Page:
Jane Kepp

Remembering Arroyo Hondo, Jane Kepp, October 24, 2015

I spent three of the best summers of my life working at Arroyo Hondo, and they set me on the most satisfying career path I could possibly have stumbled upon.

When Doug Schwartz hired me as his research assistant in May 1971, I had just graduated from the University of New Mexico, having transferred there from the East for my senior year in order to study archaeology. Everything about New Mexico was new and thrilling, and suddenly I had a job as a real archaeologist. My only previous experience on a dig had been on the coast of British Columbia, so what I knew about Pueblo archaeology came mostly from books and professors. Although Doug hired me to do library research on the effects of rapid population growth—the focus of his research plan for Arroyo Hondo—I managed to convince him that I couldn't do meaningful research without firsthand knowledge of the site. So he put me on the excavation crew that summer.

As the first woman Doug had ever hired as an excavator, I had to prove I could do the hard work. On the second day in the field, I showed up with bandages on both hands over the blisters I'd acquired the day before—probably not a reassuring sight. But I must have toughened up and done all right, because not only did I remain on the crew for the next two summers but also Doug began hiring more women each year. Some of the others played key roles in the project, notably Ann Palkovich and Wilma Wetterstrom.

Doug really knew how to run a field camp. Our living tents were large enough to stand up in and must have been designed for four to six people each, but we shared them only two to a tent. A full-time cook, Reba Ferguson, whipped up tasty meals in her kitchen tent (she could do wonders with Spam) and served them to us in an open-sided dining tent with a view of the site. From a water tank mounted on a platform, hoses carried water to a wash stand and a shower tent. And at night we could grope our way through the chollas to one of several strategically placed chemical toilets.

We worked hard, but the work itself was interesting and usually enjoyable, and we had plenty of fun after hours, some of which I can actually talk about. One of the crew members had access to a large, spring-fed pond on his parents' ranch along the Santa Fe River, and we often went there after work to swim. We also built a sweat lodge near camp, squeezing ourselves in to swelter around a pit filled with heated rocks.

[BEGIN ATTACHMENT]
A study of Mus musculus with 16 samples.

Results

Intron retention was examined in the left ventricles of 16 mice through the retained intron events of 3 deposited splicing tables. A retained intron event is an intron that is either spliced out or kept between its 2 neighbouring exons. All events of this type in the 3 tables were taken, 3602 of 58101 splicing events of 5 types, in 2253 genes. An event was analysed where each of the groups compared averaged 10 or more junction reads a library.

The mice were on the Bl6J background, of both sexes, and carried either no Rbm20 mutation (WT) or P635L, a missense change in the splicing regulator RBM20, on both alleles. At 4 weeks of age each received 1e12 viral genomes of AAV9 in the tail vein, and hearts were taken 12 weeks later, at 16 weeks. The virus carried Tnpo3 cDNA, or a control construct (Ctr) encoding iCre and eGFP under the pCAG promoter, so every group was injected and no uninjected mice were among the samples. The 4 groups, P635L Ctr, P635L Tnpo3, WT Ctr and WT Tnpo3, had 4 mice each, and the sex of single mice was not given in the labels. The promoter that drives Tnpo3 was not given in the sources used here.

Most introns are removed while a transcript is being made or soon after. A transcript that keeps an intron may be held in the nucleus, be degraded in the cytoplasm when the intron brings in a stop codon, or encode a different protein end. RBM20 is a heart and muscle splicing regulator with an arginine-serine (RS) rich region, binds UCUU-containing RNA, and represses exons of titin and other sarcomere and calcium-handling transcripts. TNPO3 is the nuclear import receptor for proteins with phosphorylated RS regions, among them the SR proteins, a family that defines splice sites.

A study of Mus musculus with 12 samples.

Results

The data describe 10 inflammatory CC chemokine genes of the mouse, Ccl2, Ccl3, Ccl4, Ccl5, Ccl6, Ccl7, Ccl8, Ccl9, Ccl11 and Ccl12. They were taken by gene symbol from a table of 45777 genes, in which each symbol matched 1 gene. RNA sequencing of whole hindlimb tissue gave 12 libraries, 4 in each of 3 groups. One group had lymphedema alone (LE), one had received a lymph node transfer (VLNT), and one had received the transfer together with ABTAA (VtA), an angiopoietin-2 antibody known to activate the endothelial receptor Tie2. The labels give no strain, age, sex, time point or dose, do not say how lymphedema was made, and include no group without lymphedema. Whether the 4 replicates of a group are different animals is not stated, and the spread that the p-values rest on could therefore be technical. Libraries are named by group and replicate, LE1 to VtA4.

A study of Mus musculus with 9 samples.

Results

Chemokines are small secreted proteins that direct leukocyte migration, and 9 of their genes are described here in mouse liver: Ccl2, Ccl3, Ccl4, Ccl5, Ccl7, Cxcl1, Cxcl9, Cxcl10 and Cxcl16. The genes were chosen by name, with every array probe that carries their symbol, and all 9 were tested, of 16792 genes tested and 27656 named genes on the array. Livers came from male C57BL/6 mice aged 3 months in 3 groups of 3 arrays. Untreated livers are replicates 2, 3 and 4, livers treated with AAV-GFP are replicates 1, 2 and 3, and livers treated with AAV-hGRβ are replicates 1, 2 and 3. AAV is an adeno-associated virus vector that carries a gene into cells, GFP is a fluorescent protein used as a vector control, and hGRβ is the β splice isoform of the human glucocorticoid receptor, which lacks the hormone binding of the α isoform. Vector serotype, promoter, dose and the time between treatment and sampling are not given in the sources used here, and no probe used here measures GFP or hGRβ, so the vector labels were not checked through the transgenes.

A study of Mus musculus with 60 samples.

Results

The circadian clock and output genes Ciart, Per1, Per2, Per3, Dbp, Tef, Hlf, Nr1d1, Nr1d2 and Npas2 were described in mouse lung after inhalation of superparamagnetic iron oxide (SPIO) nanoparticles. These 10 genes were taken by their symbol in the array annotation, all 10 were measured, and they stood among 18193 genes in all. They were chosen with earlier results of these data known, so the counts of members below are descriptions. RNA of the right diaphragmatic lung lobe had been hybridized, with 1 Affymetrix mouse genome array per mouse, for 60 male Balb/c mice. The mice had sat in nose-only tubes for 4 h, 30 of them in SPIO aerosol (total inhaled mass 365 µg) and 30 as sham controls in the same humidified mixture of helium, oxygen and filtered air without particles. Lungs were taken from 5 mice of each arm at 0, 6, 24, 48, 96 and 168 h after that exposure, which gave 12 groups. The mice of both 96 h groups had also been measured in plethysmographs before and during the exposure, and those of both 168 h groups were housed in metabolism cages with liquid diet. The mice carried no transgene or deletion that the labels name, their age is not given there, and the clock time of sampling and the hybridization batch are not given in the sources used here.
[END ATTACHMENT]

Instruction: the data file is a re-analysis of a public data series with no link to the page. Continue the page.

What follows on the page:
I missed the 1974 field season, but once the fieldwork ended and I had finished my master's degree at UNM, I got involved in editing the reports coming out of the Arroyo Hondo project. I quickly found that I had much more talent as an editor than as an archaeologist, and now I was getting paid to read. Helping the specialists figure out how best to express their findings, I got to learn all about their interpretations even before they went to press. I also received an early introduction to the surprisingly varied and unexpected tasks editors can be called upon to do. For example, when the first Hondo manuscript was allegedly ready for publication—Ed Kelley's Contemporary Ecology—I discovered that none of the photos it needed, illustrating the different vegetation zones around Arroyo Hondo Pueblo, had ever been taken. So I rounded up Dick Lang, the project's former field supervisor, who knew where the zones were, and photographer David Noble, both of whom were still on staff, and we went driving around looking for photogenic views and taking pictures. This sort of “editing in the trenches” served me well: I ended up staying at SAR for altogether twenty years, running the SAR Press for thirteen of them, and then edited freelance at home for another twenty-two. It was a wonderful career, and I thank Doug Schwartz for hiring me as a green twenty-two-year-old and giving me a loose rein to find my own way. His is one of many lasting friendships that I still enjoy from those three wonderful summers.